Thursday, October 11, 2007

I've agreed to make a halloween costume for Fern. She wants to be a "woodland pixie." She picked out a pattern, one with multiple possibilities. She wants her outfit like the green one in the center of the picture, but with short sleeves.

I study the pattern guide, everything is lined with lots of pieces, bias cut skirts and gathers. Yuck. Fern watches me nervously. I explain some principles of garment construction. She sees it's not going to be easy and is afraid I'll back out. She asks how I learned to sew (as her friends are amazed I made her halloween dress a few years ago). I tell my 7th grader and she is shocked. I first learned to sew in 7th grade Home-Ec class. One third of the year was spent cooking, one third sewing, and one third in crafts, although I can't remember what else I learned except knitting. She's jealous. She wants to have Home-Ec. She wants to learn to sew. She also wants to be able to help with my badge sewing business. (I should have 5 more clients by the weekend, yay me!) She wants to learn to knit, I'd love for her to knit her own socks and sweaters.

I guess Home-Ec and shop got cut from schools when money and scheduling got tight. No child left behind. I wonder what kind of long term repercussions will result in this. The kids, theoretically, will be able to read, but will they know what a healthy meal is? CNN had a bit on a few weeks back saying people think of food as ready to eat. Is the lack of cooking skills leading to overeating of fast food alternatives? Is the increase in childhood obesity a result of no Home-Ec in schools?

Just wondering.


AM Kingsfield said...

I remember in my Home-Ec class following a recipe for cinnamon toast. Maybe that's where I learned to find recipes annoying. Cinnamon toast?

Kids are only required to take a semester of health to graduate. Foods & Nutrition and Fashion Design have become electives that most kids don't take. Combine less information with more prepared meals and the restaurant generation and I think you have a lot of contributing factors to our obesity epidemic.

iamnot said...

Home-Ec was a blatant attempt by the misogynistic, patriarchal oppressors to keep girls from growing to their fully empowered potentials.

/feminist sarcasm

Lorraine said...

I loved home ec. I think you're right.

Also, The Child was a woodland pixie for Halloween when she was 2. Except all I did was tatter a big brown t shirt and hot glue fall leaves to it. She wore green tights.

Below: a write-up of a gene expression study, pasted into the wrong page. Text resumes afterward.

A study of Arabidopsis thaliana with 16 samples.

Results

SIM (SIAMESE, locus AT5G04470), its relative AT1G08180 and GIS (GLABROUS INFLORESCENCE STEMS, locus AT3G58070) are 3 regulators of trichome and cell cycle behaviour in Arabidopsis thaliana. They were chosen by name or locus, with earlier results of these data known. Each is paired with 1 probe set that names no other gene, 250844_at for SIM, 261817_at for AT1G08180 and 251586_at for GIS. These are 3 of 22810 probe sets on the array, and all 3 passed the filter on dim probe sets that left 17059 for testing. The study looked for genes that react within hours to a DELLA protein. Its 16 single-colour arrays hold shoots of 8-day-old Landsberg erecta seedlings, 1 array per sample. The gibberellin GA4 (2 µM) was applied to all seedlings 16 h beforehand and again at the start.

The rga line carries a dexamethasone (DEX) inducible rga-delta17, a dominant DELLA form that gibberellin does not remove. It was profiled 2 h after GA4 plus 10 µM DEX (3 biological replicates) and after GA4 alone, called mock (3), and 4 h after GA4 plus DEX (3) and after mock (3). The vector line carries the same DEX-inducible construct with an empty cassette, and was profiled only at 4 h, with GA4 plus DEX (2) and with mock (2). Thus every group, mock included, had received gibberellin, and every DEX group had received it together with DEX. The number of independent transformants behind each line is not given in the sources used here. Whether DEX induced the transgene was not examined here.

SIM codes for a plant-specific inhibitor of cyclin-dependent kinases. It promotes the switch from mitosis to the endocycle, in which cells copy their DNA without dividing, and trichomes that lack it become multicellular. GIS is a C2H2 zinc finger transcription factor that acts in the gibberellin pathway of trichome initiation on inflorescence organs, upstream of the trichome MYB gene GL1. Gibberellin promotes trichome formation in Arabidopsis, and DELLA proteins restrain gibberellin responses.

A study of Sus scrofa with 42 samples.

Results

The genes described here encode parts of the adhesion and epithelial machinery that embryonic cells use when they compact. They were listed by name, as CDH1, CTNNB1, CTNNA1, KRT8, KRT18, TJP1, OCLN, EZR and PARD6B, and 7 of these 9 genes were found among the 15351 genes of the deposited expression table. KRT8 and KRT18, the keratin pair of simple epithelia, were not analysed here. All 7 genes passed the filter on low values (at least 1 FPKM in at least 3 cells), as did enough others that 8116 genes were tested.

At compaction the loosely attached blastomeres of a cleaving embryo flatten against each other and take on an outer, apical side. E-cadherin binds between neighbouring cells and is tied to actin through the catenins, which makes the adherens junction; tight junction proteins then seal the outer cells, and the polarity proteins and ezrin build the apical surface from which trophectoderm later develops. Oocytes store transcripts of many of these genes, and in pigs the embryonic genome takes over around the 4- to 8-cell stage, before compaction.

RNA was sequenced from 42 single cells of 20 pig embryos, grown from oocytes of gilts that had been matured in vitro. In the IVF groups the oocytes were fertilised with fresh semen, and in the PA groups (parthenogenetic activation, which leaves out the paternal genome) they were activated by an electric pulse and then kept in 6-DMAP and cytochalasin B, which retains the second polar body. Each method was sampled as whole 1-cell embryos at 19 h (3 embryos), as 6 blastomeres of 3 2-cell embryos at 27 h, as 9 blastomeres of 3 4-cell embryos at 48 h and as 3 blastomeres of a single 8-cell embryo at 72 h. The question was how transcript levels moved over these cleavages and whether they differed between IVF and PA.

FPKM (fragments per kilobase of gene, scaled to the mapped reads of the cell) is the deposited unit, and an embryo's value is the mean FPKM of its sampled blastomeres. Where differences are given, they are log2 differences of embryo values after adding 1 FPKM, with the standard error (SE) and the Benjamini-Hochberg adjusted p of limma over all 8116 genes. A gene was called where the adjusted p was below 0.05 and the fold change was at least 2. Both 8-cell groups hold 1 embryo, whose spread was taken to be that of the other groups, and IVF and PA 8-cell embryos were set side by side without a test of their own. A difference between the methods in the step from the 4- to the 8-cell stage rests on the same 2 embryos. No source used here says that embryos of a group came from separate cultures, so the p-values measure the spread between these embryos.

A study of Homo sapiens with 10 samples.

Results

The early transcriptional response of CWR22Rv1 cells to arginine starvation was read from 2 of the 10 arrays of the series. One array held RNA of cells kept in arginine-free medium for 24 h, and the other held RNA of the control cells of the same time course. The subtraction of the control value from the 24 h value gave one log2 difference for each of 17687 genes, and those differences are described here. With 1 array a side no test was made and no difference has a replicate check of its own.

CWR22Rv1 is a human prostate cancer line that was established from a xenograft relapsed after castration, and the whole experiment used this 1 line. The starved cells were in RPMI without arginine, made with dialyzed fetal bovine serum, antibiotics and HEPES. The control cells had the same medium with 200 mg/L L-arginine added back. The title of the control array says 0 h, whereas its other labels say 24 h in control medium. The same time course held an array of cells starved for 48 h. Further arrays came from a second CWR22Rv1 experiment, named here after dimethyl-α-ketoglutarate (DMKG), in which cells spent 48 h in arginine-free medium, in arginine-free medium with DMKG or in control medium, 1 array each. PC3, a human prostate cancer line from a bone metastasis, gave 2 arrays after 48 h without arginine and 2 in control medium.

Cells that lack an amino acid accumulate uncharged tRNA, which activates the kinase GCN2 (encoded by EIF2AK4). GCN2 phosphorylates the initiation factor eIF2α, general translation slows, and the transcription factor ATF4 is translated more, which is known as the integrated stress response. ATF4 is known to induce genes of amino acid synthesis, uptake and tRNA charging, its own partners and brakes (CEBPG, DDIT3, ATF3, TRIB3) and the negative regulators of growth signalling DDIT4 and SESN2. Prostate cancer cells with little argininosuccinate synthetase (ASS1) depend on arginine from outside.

The leaves were real. That was stupid. By the end of the night she'd shed like a little maple tree.

Maddy said...

Interesting. I used to sew [knit, embroidery etc] I learned from my mum and reinforced at school. We also had PE every day and a double session on Wednesday. We also had cookery classes.
Makes you wonder.
Best wishes [and how come your email isn't on your profile view?]

Mom said...

I took home ec in 7th grade. It was required for all the girls. All the boys took shop and learned carpentry skills. There was no exception , no elective. I don't like to sew.

YoLinna said...

Don't tell anyone, but I actually flunked Home Ec. The school didn't allow girls in Shop at that time but they made an exception for me and 2 others who were hopeless at sewing. Got an A in Shop--loved the tools and power sanders! Duh, my Dad's a builder, what did they expect? Cept I never learned how to batik.......yet...c'mon on!

just me said...

I HATED home ec - and it bothered me that no one had a choice about home ec vs shop... what if boys liked to cook? Also the cooking teacher was a tyrant.

Although I managed to do a couple of sewing projects, I never did learn to set a sleeve, so was limited in what I could make.

I agree that more teaching about nutrition would be helpful. But I certainly didn't learn much about cooking in home ec. Hubby learned to cook during Jr year abroad in Israel - and he's a great cook (when he has the time).

Anne said...

The year after I left Jr High was the year they started giving all six classes to all kids, girls in shop and ceramics and boys in home "arts." Arg! I so wanted to take shop and ceramics (can't remember what the other boys' class was). I want a wheel and a kiln when I grow up.
I remember my bother showing me his sewing project a drawstring sack. They hardly had any time to learn anything, though, since the classes were so compressed, 6 in a year instead of 3.

Anne said...

uh, that was supposed to be "brother" not "bother." Sorry, Bro.

.:mar said...

Hi, Michele sent me to say hello. Home ec should definitely be part of every school program. No doubt about it!!

.:mar said...

Hi, Michele sent me to say hello. Home ec should definitely be part of every school program. No doubt about it!!

sister AE said...

Hi, Anne. I thought I'd return your visit to my blog and this struck a chord with me.

I definitely remember 7th grade required home ec classes for the girls, except for one 6-week period when we swapped with the boys and took shop.

I already knew how to cook and clean, so those parts of home ec were a breeze. But sewing was a new skill. The first project was a really fun pot-holder. Then we leaped into clothing - we had to make a skirt or slacks with a set-in waistband. I was lucky my older sister sewed and could help me figure some of this out. But knowing how to sew things definitely comes in handy.

greeny said...

Oh, god, Home-ec. I hated my teacher_Miss Wable. aaackk. She was also the cheerleading coach which I was on in junior high.
My mom who had sewn her entire life practically, would coach me in the way of sewing something together and the teacher would correct me and then give me a bad grade. Guess I should have played dumber.
Boys and girls could take home -ec but only boys took shop. Guess we didn't have any progressive girls.

Shop and home-ec should be taught in school and a required credit.